Last night we watched a profound video about the Native American (Chippewa) artist, George Morrison. Jennie had given me the most recent book about his work at Christmas. We had also seen some of his work at the Eiteljorg Museum in Indianapolis.
Morrison’s art is thoroughly modernist, his paintings weaving together color-field, Surrealism, and, at times, minimalism; his sculpture tends to the minimal. At the same time, he manages to bring in traditional Chippewa mythology and visual imagery, his beloved Lake Superior, and elements of autobiographical narrative. Much of his work is breathtakingly beautiful, transporting the viewer to landscapes of the heart and spirit.
Looking at his art, I am reminded of days spent at the ocean in Maine, and foggy days here on Lake Champlain. Much of his painting, and many of his wood constructions, reference the horizon line that demarcates water and sky. That space between (ambiguous, dangerous, liminal) is the home of the mythic and the transformative. It is the realm of the imaginal, a place were the truth is lightly held, where “reality” morphs and drips between the fingers. It is the landscape of story, populated by the lake monsters that create storms, and the Thunder beings who drive the seasons and change our lives. Perhaps the Ancestors dwell there, too, hovering just on the horizon.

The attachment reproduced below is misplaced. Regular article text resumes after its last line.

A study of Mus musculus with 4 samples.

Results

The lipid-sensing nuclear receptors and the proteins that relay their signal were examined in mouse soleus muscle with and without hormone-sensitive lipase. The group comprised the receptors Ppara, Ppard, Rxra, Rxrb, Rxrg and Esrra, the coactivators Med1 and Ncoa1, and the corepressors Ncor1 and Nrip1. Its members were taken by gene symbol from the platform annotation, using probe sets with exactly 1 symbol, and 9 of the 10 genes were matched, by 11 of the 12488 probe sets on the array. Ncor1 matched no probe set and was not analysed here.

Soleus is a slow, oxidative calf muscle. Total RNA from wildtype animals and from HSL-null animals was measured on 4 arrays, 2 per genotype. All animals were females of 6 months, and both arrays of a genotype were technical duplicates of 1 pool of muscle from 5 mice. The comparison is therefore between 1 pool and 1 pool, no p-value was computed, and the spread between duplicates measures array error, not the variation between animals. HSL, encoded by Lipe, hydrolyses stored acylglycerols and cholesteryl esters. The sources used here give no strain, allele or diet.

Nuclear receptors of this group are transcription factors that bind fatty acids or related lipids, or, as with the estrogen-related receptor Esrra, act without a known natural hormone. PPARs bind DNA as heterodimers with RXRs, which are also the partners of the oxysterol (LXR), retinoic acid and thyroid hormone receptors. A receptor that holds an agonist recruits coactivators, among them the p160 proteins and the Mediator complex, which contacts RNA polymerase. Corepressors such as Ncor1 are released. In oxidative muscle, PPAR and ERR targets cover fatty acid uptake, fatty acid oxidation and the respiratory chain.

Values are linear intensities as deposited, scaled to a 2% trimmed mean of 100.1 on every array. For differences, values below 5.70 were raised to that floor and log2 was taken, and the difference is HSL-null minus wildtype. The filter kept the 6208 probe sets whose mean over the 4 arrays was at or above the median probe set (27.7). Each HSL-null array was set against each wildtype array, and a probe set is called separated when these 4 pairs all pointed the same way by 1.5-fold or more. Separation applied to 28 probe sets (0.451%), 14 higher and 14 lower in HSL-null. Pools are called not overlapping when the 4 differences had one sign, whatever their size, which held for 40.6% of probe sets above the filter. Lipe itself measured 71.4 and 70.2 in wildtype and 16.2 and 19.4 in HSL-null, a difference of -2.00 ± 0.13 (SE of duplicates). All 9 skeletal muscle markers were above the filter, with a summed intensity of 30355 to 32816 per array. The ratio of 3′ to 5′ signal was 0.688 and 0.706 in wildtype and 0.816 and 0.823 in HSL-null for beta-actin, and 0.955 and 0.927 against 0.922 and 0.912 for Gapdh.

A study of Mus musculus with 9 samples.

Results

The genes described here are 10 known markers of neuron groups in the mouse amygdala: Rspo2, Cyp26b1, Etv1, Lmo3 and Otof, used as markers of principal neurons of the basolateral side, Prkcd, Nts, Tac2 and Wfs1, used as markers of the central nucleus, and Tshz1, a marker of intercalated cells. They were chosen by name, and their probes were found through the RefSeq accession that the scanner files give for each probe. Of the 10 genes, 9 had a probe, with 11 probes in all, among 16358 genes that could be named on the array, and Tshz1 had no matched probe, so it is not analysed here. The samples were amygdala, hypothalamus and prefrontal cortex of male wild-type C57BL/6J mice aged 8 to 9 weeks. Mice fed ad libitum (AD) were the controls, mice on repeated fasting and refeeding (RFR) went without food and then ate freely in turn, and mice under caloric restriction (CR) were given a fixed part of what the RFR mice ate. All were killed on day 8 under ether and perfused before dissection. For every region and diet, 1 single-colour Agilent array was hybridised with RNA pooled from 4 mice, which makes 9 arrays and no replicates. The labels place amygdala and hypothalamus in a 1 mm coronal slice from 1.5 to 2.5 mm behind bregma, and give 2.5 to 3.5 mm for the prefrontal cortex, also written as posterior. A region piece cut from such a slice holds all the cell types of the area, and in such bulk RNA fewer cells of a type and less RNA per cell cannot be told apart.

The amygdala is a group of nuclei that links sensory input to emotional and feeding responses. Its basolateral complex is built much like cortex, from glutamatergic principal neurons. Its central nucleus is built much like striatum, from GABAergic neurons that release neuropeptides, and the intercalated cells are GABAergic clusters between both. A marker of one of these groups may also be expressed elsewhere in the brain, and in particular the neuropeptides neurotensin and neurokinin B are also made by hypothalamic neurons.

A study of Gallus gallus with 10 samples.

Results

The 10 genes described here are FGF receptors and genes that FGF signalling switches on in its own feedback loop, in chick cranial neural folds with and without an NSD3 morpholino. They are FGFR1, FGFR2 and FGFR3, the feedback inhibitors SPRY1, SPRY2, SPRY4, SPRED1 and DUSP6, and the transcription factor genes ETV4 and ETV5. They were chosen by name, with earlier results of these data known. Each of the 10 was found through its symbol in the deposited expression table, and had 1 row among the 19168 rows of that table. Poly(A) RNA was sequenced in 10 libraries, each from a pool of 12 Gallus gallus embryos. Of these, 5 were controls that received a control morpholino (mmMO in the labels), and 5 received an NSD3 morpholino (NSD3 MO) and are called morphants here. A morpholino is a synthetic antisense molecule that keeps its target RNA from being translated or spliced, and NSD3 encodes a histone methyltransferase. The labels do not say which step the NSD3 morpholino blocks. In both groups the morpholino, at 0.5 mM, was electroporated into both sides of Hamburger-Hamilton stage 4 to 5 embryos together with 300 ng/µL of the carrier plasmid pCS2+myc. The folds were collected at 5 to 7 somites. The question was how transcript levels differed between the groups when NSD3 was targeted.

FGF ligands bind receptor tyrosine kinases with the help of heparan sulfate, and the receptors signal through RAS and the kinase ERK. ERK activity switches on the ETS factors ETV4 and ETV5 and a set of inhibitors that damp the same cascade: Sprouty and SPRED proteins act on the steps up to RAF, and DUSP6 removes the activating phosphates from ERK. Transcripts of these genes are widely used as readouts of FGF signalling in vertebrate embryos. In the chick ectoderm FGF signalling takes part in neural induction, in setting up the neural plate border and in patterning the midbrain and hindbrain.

I like to imagine he uses the horizon as a metaphor, his work situated on that thin line where two cultures meet, and reflecting the lived experience of many of us. He studied in New York and Paris, and, before moving home to his beloved Minnesota, showed with the Abstract Expressions. His work was quintessentially Native, even Chippewa, even as it was deeply rooted in the New York school modernism. His art also subtly, quietly, references his nearly lifelong disability and illness. As a teacher he touched the lives of a great many people, artists and non. As an artist he opened the doors of the art word to Native Artists who chose to work in the modernist tradition without giving up their cultures.
George Morrison danced joyfully on the edge, and invited us to dance with him. I hope you will take a moment and look at his work.